Simon Taylor Is Giving The People What They Want At Adelaide Fringe

Published in Comedy  


He’s played this into his debut novel, 'One-Night Stand'. “Not knowing how you’ll act in a certain situation is a big part to growing,” Simon says. “So the novel, is about a young comedian named Ben, who’s. . . Pretty much a pseudonym of me and the experience I had.”

“He has a fleeting romantic encounter and is told he’s going to be a father!”

“I went through something similar, confronted with this idea of ‘Oh, I thought I was pursuing my career. But if I want to do that, I’ve got to give up on stand-up’. The character in the book has more complications.”

There are, of course, comedic elements to this semi-biographical work of fiction. “There are jokes on every page,” Simon says. “It’s about how ridiculous the main character is. The jokes come from his incompetence more than anything else.”

Going from stage to page, as Simon so excellently puts it, wasn’t an issue or an alien concept, because he’s never actually scripted any of his stand-up shows. “It’s pretty common, I think, among comedians, to try a little bit of material for five or ten minutes of ideas, a topic in their notepad saying, ‘putting the washing out’ or ‘got a new dog’, and then they’ll work it out on stage. And then if it works, you don’t forget it!”

“Then you try another five or ten minutes out, then another five or ten minutes, then eventually all the best stuff is the stuff you remember, because you’re not going to forget stuff you get a laugh for!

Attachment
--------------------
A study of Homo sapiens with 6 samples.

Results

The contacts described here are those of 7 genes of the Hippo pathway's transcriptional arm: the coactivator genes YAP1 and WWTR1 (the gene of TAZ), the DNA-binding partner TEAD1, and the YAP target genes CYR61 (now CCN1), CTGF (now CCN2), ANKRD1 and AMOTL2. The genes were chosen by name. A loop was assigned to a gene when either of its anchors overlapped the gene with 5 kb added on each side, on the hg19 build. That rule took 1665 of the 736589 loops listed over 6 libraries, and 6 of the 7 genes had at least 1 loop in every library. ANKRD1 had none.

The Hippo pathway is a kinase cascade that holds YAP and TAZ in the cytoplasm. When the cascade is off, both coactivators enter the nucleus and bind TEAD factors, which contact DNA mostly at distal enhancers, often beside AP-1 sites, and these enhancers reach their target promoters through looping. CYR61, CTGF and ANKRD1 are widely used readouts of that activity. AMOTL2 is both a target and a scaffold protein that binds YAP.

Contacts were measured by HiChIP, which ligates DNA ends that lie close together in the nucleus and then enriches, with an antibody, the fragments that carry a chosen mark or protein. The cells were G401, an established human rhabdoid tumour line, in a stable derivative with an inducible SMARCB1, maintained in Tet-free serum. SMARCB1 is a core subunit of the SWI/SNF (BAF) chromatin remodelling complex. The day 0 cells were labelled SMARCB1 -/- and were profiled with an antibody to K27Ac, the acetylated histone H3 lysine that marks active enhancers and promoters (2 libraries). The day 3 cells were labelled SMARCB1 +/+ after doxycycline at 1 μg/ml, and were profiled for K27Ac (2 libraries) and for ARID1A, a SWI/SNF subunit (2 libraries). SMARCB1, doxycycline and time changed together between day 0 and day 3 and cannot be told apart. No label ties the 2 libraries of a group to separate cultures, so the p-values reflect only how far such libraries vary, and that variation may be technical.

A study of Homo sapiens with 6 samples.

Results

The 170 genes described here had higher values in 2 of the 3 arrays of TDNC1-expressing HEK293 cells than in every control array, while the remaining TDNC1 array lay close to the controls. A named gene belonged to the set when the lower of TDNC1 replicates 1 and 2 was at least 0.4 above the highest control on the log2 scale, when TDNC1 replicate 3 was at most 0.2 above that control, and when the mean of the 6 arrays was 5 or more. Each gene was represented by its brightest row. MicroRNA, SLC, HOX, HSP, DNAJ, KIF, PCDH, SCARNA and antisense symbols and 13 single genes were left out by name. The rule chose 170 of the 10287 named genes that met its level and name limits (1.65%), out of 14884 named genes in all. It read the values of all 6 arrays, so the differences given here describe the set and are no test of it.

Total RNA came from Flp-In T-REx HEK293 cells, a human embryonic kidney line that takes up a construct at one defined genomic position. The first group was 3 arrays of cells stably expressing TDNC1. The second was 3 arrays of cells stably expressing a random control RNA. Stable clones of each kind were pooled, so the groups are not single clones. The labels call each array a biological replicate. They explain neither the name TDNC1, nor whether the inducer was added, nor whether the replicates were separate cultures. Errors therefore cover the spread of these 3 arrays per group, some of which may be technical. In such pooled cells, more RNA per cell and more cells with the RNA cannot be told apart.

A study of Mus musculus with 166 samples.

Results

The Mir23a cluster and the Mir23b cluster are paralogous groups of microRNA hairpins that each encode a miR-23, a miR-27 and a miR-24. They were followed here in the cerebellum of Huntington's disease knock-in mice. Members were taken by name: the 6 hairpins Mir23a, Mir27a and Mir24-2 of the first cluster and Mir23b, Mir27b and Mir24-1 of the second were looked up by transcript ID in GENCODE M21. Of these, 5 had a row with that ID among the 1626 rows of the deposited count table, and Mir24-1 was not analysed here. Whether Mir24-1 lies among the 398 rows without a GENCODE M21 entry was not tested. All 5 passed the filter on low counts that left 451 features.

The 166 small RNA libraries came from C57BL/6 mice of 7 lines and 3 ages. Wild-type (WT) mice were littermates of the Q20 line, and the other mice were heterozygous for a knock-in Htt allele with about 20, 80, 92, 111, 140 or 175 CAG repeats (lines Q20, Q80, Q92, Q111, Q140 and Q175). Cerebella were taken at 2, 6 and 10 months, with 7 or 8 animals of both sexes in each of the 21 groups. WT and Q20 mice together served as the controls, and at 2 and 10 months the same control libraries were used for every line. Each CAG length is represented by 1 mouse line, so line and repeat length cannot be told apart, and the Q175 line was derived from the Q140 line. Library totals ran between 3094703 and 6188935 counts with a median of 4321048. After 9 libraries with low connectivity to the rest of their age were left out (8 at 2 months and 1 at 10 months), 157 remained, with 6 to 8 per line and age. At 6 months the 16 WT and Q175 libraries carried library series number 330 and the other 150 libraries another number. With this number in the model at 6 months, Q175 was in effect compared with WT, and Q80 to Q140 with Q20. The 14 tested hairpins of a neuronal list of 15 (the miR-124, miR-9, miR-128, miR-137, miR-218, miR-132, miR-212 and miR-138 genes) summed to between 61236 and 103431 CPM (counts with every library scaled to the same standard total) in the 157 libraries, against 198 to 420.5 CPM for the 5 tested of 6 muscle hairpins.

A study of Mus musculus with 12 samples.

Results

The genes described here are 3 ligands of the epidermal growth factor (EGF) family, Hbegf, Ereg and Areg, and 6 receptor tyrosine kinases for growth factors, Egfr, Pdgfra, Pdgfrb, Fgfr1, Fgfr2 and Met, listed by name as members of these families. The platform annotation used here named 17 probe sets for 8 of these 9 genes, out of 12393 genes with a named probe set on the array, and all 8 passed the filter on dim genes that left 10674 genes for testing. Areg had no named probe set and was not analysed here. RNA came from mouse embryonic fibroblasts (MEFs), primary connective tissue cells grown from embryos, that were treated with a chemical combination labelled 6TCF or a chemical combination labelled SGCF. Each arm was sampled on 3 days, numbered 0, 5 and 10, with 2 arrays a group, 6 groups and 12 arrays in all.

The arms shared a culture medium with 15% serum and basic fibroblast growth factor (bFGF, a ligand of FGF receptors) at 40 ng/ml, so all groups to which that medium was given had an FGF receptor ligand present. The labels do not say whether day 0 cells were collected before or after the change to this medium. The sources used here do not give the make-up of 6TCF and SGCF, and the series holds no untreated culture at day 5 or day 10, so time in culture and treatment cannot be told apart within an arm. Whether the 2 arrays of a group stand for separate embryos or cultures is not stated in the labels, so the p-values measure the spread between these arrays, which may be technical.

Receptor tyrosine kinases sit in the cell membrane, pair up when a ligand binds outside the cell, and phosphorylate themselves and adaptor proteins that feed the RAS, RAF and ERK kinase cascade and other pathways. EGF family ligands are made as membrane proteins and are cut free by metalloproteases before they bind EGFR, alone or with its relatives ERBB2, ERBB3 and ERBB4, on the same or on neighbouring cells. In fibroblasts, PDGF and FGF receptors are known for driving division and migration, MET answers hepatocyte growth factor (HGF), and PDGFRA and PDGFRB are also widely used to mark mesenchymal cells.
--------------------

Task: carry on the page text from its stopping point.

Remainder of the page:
“It’s not how everyone does it, but it’s not an uncommon [thing] to learn it through muscle memory.”


With that being said and switching back from page to stage, Simon has a show at The Garden Of Unearthly Delights coming up, 'The Best of Everything He’s Ever Done Ever', as part of Adelaide Fringe. So, if Simon has spent the last decade of his career using muscle memory and performing off the cuff, how will he now go and perform things once more that he’s never documented in the written word? “What’s lucky is that the audience and my fans have written this show for me,” he says.

“So, when I run into someone in the street and they say ‘I love that bit you do about Australian accents’, or someone will say, ‘You haven’t done that Melbourne shuffle in a while’, really this is made up of all the routines people love and remember.

“Is it lazy? Kind of! Or is it giving the people what they want? I’ll let you decide!”

But of course, depending on his mood, depending on the dynamic of the audience in attendance, there is still scope for some adlib, the unpredictability of which Simon agrees will surely keep him on his toes. “If someone yells out a routine they like, you know what? I’m going to do it!”

“I’m certainly going to come prepared to give them a best-of show. But there’s always some wiggle room if we can find a little more magic on the night.”

Simon Taylor plays The Spiegeltent at The Garden Of Unearthly Delights (Adelaide Fringe) 1-6 March.